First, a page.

Inserting connecting pins – when every millimeter counts
Pin insertion, a standard technique in precision installation, demands sensitivity and millimeter tolerances. It has resisted automation, but thanks to six-axis force/torque sensors, that is now changing.
The average automobile today consists of up to 10,000 individual parts. To turn this immense number of individual components into a complete and functional vehicle requires nearly as huge a number of installation steps. Absolute precision is a fundamental essential: If just a single part isn’t sitting exactly where it belongs or gets out of alignment during installation, that threatens not only the cost-effectiveness of the manufacturer’s production processes, but in the worst case can even endanger the end customer.
Of course, this is not only true of the automobile industry but also for most high-tech products, all of which are now highly individualized, starting from huge numbers of small parts.
Efficient fine and precision installation is therefore a central factor in manufacturing them.
Irregularities require adaptability
A good example is the insertion of pins into close-fitting openings – an important standard process in the production industry. At the same time, tolerances are often relatively narrow: soft materials, deformation due to temperature fluctuations, and even minimally irregular workpieces require a high degree of adaptability during pin insertion.
If we want to automate the process, the lack of standardization therefore represents a challenge for industrial robots, which can provide a high degree of reproducibility, but may not necessarily have the required responsiveness and intelligence.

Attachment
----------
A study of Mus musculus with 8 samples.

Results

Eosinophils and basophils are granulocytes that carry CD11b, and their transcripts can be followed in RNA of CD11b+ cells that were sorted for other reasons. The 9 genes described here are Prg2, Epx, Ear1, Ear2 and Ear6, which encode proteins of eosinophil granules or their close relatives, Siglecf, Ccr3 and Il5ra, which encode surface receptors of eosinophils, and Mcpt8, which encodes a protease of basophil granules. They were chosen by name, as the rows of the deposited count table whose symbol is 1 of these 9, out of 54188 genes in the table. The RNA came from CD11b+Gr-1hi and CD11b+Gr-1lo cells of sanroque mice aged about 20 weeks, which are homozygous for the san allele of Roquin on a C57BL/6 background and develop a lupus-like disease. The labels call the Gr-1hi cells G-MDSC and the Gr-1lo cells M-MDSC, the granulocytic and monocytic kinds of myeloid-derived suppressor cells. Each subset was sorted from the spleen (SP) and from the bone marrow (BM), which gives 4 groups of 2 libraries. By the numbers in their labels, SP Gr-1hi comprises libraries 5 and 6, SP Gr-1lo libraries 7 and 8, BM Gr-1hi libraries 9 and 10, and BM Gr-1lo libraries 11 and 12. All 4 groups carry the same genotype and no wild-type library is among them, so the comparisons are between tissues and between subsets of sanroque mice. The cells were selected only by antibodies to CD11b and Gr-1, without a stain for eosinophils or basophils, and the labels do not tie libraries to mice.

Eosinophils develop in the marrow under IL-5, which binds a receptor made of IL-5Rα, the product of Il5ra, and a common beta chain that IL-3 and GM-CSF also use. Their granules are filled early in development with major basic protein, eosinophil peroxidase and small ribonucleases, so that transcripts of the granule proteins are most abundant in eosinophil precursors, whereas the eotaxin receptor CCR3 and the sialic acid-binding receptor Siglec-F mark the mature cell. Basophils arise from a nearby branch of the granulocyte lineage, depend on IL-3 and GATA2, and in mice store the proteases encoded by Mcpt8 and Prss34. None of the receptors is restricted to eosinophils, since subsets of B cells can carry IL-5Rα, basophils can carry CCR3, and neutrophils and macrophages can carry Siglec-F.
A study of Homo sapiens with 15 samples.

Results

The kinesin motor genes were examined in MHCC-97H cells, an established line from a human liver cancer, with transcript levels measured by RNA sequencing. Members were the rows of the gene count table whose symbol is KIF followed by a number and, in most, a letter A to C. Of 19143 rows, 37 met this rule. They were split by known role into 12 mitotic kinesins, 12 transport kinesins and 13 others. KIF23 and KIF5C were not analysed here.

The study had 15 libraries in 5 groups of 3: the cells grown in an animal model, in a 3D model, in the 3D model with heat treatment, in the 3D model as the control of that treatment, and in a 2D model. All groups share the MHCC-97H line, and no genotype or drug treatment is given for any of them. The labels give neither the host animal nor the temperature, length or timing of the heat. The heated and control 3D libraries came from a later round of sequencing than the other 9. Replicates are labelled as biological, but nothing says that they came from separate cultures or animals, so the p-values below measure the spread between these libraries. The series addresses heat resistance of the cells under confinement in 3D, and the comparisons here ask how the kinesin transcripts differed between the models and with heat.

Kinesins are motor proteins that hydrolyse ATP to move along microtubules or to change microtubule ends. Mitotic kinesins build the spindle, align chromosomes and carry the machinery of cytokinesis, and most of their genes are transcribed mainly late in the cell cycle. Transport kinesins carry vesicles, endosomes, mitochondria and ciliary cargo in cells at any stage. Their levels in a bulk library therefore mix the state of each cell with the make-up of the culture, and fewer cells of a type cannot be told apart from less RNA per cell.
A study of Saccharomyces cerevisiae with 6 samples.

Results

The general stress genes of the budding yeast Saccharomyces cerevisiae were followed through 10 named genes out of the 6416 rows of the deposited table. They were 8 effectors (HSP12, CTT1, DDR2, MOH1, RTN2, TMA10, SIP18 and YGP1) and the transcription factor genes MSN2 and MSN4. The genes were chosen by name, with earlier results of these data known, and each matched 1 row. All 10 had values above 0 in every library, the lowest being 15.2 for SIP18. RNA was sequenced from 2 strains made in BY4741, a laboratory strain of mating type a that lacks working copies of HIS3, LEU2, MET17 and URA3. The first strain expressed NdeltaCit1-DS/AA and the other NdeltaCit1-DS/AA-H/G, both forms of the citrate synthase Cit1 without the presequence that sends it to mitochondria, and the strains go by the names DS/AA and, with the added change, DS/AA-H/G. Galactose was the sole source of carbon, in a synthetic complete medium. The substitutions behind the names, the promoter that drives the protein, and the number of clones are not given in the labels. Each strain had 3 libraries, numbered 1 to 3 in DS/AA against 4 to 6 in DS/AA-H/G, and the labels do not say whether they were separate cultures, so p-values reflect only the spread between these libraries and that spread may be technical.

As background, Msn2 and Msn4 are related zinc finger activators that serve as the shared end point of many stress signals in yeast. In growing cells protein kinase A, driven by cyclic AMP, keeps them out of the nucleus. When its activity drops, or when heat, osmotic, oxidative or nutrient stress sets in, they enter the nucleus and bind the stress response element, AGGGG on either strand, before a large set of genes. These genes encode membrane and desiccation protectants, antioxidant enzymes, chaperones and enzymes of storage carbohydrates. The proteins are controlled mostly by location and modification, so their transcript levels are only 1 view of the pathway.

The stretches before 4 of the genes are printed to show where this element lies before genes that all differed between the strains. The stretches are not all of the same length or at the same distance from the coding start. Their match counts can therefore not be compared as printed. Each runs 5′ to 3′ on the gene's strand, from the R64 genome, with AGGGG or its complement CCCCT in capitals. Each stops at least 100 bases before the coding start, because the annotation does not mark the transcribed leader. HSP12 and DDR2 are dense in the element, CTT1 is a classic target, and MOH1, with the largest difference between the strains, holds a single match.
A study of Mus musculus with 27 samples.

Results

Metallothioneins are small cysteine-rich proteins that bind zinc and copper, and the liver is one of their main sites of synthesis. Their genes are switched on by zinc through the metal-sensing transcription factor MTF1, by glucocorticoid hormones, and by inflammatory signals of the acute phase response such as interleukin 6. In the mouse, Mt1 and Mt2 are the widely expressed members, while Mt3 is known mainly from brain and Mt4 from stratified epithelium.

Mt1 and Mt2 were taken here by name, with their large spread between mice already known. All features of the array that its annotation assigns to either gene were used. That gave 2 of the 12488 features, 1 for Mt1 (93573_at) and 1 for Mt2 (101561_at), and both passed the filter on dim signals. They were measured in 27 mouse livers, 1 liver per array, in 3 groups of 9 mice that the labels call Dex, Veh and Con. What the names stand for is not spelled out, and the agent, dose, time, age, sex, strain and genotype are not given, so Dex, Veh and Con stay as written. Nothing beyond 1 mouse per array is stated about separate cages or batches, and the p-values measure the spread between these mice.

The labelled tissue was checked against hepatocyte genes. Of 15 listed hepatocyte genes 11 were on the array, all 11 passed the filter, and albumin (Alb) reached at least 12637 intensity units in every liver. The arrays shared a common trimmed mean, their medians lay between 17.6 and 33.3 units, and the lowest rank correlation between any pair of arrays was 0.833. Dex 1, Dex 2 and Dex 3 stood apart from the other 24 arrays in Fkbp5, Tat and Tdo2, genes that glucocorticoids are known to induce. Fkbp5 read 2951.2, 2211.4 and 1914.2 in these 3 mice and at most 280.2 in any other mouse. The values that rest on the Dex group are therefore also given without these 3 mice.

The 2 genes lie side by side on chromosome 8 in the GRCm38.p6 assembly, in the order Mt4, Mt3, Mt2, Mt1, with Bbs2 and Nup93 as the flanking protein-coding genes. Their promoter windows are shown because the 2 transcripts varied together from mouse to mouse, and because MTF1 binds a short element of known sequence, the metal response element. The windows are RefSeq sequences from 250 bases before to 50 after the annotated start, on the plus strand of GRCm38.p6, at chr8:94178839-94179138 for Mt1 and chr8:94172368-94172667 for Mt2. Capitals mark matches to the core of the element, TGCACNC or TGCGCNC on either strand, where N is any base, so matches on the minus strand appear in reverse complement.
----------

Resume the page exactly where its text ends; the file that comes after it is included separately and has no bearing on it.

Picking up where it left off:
The insertion of pins requires sensitive millimeter-scale work. The human hand can quickly find the right approach point simply by trying it out. A conventional robot arm designed for precisely positioned fixed waypoints cannot.
OptoForce made it their goal to change this situation. This Hungarian company manufactures force/torque sensors for industrial robots. Robots by Universal Robots, KUKA, and ABB can be extended with the high-precision HEX-E and HEX-H sensors to give them a fine sense of touch. This allows them to react to their surroundings: They perceive the slightest resistance and make the corresponding course corrections in real time.
For precision installation, that’s gold. The capability of using the sense of touch expands the options for automation and allows companies to automate monotonous, repetitive work, for which human resources are hard to find.
The improved productivity and product quality at simultaneously lower costs means an added value for companies of up to 100,000 EUR per year for each robot system implemented.
The cost remains astoundingly low. Not only are the sensors powerful hardware, they also include a comprehensive software package of standard industrial applications. The “Pin Insertion” application allows inserting pins into openings to be automated in just a few steps.